70 years after Independence, England’s Webley and Scott to make guns in India for civilians
Founded in 1790, W&S armed allied forces in the two World Wars and produced weapons for at least 15 countries. India’s police force, too, used the iconic W&S .38 caliber revolver as a standard sidearm till the early 1990s.Updated: Mar 07, 2020 17:31 IST
- Webley and Scott is entering Indian civilian firearms market
- British firearm maker will make a range of firearms in a joint venture with a UP firm
- Move likely to transform the dynamics of local gun manufacturing and sales
Famed British firearms maker Webley and Scott (W&S) will soon be arming citizens of India, marking a radical shift in the production and sale of firearms for civilians in the country.
Founded in 1790, W&S armed allied forces in the two World Wars and produced weapons for at least 15 countries. India’s police force, too, used the iconic W&S .38 caliber revolver as a standard sidearm till the early 1990s.
The company is now all set to become the first foreign company to set up a plant in India for the civilian market under Centre’s Make in India initiative. Experts see this as a game-changer.
W&S entered into a joint venture with Sial Manufacturer Pvt Ltd--an Uttar Pradesh firm—to come up with a plant in the Sandila industrial area near Lucknow for the new entity named Webley and Scott India.
“My colleagues visited the site last week and its development is certainly underway,” Laura Judd, a senior executive of W&S told HT in an email on March 2.
“The website and Facebook pages (of the Indian project) have been created by us here in the UK,” Judd added.
“We will soon launch the classic W&S Mark IV revolver in .32 caliber in two variations. This will be followed later in the year by a .32 caliber pistol with polymer frame and steel slide. The pistol will have a 13-shot capacity. Next in line are a 12 bore pump-action shotgun, a .45 caliber pistol and air rifles,” said Maninder Sial, the British company’s Indian partner.
Webley’s John Bright is the joint director for Webley and Scott India. The company said it applied for a licence for production in 2017 and got it in 2019.
“The .45 pistol may take time as the ammunition is not made in India and we have to seek permission for importing it. Initially, we will have to depend on Indian ordnance factories for proof test of the weapons. We will come up with proof testing facilities of our own soon,” said Sial.
Since the Indira Gandhi government banned import of firearms for civilians in the early 80s, second-hand guns sell in the retail market at sky-high prices because of a huge mismatch in demand and supply. This trade will be hit, say experts.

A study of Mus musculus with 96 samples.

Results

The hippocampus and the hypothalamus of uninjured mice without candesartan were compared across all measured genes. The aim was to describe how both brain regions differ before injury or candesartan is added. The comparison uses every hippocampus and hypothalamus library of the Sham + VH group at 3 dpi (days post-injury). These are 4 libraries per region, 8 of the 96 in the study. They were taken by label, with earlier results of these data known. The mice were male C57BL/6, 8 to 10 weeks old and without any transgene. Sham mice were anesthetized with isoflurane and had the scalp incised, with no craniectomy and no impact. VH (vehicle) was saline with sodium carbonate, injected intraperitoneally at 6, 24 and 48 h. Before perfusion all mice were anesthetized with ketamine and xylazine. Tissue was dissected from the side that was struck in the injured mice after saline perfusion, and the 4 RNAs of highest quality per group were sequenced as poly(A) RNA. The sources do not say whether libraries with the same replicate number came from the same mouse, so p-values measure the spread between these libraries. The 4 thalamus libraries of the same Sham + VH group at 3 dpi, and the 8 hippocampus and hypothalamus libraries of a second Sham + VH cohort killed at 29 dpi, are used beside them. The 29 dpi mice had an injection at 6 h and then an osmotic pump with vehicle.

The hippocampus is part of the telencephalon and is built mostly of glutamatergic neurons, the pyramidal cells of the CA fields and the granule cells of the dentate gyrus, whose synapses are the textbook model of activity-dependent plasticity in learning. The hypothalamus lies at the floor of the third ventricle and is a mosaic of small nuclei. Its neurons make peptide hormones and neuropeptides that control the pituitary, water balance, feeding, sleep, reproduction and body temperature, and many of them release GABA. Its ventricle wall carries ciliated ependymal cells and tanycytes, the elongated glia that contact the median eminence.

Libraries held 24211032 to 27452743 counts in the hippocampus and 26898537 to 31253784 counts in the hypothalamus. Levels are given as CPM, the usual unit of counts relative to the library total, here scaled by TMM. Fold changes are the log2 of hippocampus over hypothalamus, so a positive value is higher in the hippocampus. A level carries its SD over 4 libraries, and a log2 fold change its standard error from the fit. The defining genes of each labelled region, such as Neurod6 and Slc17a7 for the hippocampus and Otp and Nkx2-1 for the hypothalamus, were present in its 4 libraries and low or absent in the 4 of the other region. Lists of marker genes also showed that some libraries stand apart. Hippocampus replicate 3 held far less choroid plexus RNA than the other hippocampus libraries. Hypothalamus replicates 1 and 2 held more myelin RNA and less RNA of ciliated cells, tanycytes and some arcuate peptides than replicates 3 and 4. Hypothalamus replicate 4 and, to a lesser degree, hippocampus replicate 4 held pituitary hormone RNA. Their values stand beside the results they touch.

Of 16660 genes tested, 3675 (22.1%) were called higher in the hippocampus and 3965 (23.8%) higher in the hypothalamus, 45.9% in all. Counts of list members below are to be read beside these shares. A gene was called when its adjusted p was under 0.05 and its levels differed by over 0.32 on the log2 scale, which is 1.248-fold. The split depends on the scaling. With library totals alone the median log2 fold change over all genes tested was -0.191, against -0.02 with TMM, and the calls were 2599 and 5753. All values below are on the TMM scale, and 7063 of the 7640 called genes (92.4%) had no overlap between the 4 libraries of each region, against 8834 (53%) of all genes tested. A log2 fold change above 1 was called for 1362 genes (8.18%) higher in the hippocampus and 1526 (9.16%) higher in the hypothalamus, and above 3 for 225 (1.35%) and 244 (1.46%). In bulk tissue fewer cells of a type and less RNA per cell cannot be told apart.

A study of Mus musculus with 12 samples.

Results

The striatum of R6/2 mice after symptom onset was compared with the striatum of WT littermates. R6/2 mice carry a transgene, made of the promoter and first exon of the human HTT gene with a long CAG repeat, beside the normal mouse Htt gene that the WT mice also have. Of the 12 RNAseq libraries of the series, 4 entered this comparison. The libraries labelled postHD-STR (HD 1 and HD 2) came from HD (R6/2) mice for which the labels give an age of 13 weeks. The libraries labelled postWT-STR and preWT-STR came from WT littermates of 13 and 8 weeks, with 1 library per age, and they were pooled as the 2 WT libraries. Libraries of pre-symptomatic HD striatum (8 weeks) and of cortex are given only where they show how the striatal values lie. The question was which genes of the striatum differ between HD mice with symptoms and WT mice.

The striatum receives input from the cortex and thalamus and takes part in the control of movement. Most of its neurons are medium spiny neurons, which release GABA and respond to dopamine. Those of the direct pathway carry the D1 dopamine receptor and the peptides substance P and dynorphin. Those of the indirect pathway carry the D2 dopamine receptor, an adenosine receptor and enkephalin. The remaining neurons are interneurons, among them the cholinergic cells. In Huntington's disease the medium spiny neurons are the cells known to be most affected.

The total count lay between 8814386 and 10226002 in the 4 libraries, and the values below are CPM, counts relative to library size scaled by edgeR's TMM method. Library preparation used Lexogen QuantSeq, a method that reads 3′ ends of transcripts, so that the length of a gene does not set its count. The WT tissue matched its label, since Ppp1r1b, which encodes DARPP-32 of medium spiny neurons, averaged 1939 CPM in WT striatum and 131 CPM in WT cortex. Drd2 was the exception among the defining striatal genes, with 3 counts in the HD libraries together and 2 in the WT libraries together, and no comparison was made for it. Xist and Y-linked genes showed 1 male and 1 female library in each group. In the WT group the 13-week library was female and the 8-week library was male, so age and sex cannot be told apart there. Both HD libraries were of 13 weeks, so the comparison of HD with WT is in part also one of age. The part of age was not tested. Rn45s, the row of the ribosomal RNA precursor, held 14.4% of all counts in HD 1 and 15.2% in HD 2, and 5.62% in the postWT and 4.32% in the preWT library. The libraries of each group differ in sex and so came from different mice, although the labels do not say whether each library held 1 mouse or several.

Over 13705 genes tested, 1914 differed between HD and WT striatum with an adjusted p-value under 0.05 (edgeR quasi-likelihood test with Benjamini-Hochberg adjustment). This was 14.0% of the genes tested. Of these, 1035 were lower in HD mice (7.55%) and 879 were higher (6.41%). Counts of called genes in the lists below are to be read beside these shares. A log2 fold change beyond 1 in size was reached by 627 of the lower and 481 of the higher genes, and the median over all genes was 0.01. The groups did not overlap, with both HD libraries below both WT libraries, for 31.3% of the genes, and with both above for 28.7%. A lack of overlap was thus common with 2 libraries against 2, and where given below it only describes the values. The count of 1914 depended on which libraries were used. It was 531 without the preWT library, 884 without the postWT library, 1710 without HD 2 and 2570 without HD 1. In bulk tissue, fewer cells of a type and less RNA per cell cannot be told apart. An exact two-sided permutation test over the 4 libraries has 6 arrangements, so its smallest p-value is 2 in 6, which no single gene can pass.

Also, the Ordnance Factory Board, which makes .32 caliber handguns for civilians (which includes a revolver that resembles the W&S) will face competition.
“The revolver will be priced at about Rs 1 lakh while the pistol will retail for about Rs 2 lakh. The goods and services tax (GST) will be added to this,” said Sial.
D K Mahapatra, general manager of Rifle Factory Ishapore (RFI) of the Indian Ordnance Factory Board, where the .32 pistol is made, said, “Indian customers are very price sensitive. At the same time, they are a bit fascinated by foreign brands. They are willing to acquire a foreign weapon even at a premium. Definitely, there will be competition with the entry of Webley and Scott, UK,” he said.
Mahapatra said the Ordnance Development Centre (R&D wing) of RFI is fully geared up to take up the challenge.
“We have modified our .32 pistol recently based on customer feedback and this has resulted in creating a huge demand for this weapon. RFI is taking action to counter the challenge,” said Mahapatra.
Interestingly, a well-known name in the sports weapons market in India, Syndicate Innovations International Ltd. is also in the process of setting up a plant in Uttar Pradesh to make shotgun barrels and parts using German technology, primarily for export to Turkey and Spain.
“I already have stakes in the German company Kiehberg and have a facility at Ghaziabad. In the future, we will make pump-action shotguns for export as well as local sale. One impediment is the time government departments take to clear files. Also, the recent firearms law which says no Indian can own more than two firearms will affect sales,” said Ashok Rai, owner of Syndicate Innovations.
Arms dealers feel that the entry of foreign manufacturers such as W&S may hit the sales of second-hand foreign-made firearms.
“Indian customers look for new technology. If the prices are right and the production is steady then the local market will be affected,” said Ravi Ahuja, general secretary of All India Arms Dealers Welfare Council.